The New Mexican: New Energy Economy Modifies Homes in Hopewell Neighborhood, Providing Comfort and Cost Savings

October 2011

When Raul Perez told his wife their Hopewell Street home in Santa Fe qualified for some free energy-saving work, she scoffed. “I thought it was a lie,” said Elisa Perez, 68, sitting in her small, neat living room.

Now they are excited to see if the new, thick roof insulation, courtesy of the nonprofit organization New Energy Economy, will reduce their heating bills this winter. “It seems like it’s already working,” Perez said. “The house is more comfortable.”

New Energy Economy, known more for promoting a greenhouse-gas cap in the state and suing Gov. Susana Martinez over her bid to nix the rule, has a practical project under way on Hopewell Street, north of St. Michael’s Drive. The group wants to retrofit the old homes in the neighborhood one at a time and help the largely working-class families save money in energy costs.

With some private grant money, the group plans to retrofit at least a half-dozen homes to begin with.

It is bilingual community organizer Lucy Delgado’s job to convince the families the program is for real. She said it isn’t unusual to be met with suspicion when she knocks on a door. “They think we are scoping it out to steal something later,” she said.

The Perez family was the first to say yes. Originally from Chihuahua, Mexico, they have worked on renovating their small house over the last 14 years. They rented it at first, then offered to buy it. Elisa Perez said the house was in “really bad” shape.

Her husband replaced flooring, shored up the roof, redid the walls and repaired what he could. On their long list of things that needed to be done was replacing the old insulation in the roof. The house was always hot in the summer and cold in the winter.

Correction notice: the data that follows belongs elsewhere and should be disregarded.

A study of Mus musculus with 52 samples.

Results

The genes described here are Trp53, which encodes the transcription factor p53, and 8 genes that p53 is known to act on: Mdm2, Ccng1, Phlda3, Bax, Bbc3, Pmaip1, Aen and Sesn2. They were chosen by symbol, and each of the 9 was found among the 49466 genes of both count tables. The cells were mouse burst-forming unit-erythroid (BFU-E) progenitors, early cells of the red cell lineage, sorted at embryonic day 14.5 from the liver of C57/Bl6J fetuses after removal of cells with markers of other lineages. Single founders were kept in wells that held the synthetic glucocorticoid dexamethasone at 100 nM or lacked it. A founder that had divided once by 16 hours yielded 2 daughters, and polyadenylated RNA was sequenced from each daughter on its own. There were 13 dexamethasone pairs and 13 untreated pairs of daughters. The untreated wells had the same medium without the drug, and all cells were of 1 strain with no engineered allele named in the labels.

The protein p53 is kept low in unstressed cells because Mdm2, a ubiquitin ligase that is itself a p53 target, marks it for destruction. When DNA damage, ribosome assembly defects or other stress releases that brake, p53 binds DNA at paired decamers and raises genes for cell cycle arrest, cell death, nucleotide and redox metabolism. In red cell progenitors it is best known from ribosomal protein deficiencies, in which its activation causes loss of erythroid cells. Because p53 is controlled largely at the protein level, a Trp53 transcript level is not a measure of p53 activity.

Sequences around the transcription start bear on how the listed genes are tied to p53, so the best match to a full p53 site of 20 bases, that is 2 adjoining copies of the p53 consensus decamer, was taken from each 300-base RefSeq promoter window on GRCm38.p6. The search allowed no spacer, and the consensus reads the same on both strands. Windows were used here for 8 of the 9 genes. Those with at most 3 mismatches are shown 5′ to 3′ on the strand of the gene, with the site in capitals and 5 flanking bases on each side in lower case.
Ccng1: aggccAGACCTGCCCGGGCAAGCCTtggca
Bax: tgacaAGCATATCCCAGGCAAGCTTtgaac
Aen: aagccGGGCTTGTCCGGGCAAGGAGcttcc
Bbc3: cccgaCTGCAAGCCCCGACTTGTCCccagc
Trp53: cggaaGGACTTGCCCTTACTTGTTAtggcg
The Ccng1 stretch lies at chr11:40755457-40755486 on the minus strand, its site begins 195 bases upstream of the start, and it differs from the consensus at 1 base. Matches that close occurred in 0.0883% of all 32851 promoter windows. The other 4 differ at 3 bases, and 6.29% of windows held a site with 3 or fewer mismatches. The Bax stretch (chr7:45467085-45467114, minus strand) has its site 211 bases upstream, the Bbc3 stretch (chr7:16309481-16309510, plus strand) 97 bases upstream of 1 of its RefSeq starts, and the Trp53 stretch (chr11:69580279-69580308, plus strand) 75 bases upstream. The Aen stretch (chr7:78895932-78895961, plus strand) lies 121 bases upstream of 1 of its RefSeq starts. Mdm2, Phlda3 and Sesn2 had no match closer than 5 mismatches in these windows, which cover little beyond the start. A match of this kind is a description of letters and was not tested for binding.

Then Raul Perez, who cleaned cars at Don Chalmers Capitol Ford, fell ill a couple of years ago with cancer. Their savings went to pay hospital bills. Elisa Perez, who works in housekeeping at the El Rey Inn, had to make sure they saved enough money for the rest of their bills. There wasn’t enough left over to install new insulation.

Then Delgado knocked on the door.

Raul, 69, convinced Elisa they should give the program a try. A crew showed up to audit the house and figure out which retrofit would save the couple the most in energy costs. They settled on insulation and changing out old light bulbs for energy-efficient ones. “I still didn’t believe any of this would happen,” Elisa said.

Then a crew from SouthWest Spray Foam showed up to replace the insulation, at no cost to the couple. Elisa Perez said she remained skeptical right up until the work was under way.

The roof was reinsulated with GreenFibre Insulation, made of 85 percent recycled material. Light bulbs were replaced with new efficient ones. New Energy Economy will track the couple’s monthly heating and electric bills to see whether the insulation makes a difference.

“We will be tracking the energy savings for all the projects we do, based on a year’s worth of data prior to the retrofit and a year after the project is complete,” said Lilia Diaz, the program’s outreach coordinator. “We are using a program an auditor gave us to track the savings.”

The aim is to help low-income families save money on their utility bills while adding value to their homes and helping the environment. These families tend to live in older, less-efficient homes, according to the group.

Low-income families spend an average of 16 percent of their income on home energy, compared to 3.5 percent for other households.

“We had an interest in seeing more investment in energy-efficiency projects focused in the Hopewell area, a lower-income neighborhood,” Diaz said.

“Qualification isn’t dependent on income, like many federal programs, such as the Weatherization Assistance Program. To make this work possible, we got grant money for this project from foundations. We plan on completing five [homes] with this round of funding.”

New Energy Economy is partnering with the nonprofit YouthWorks to help train young people in conducting energy audits and weatherizing the Hopewell homes. A team of three from YouthWorks did the energy audit for the Perez family. On the next house, a YouthWorks crew will work with Sara Stewart, a certified Home Energy Rating System and energy-efficiency auditor.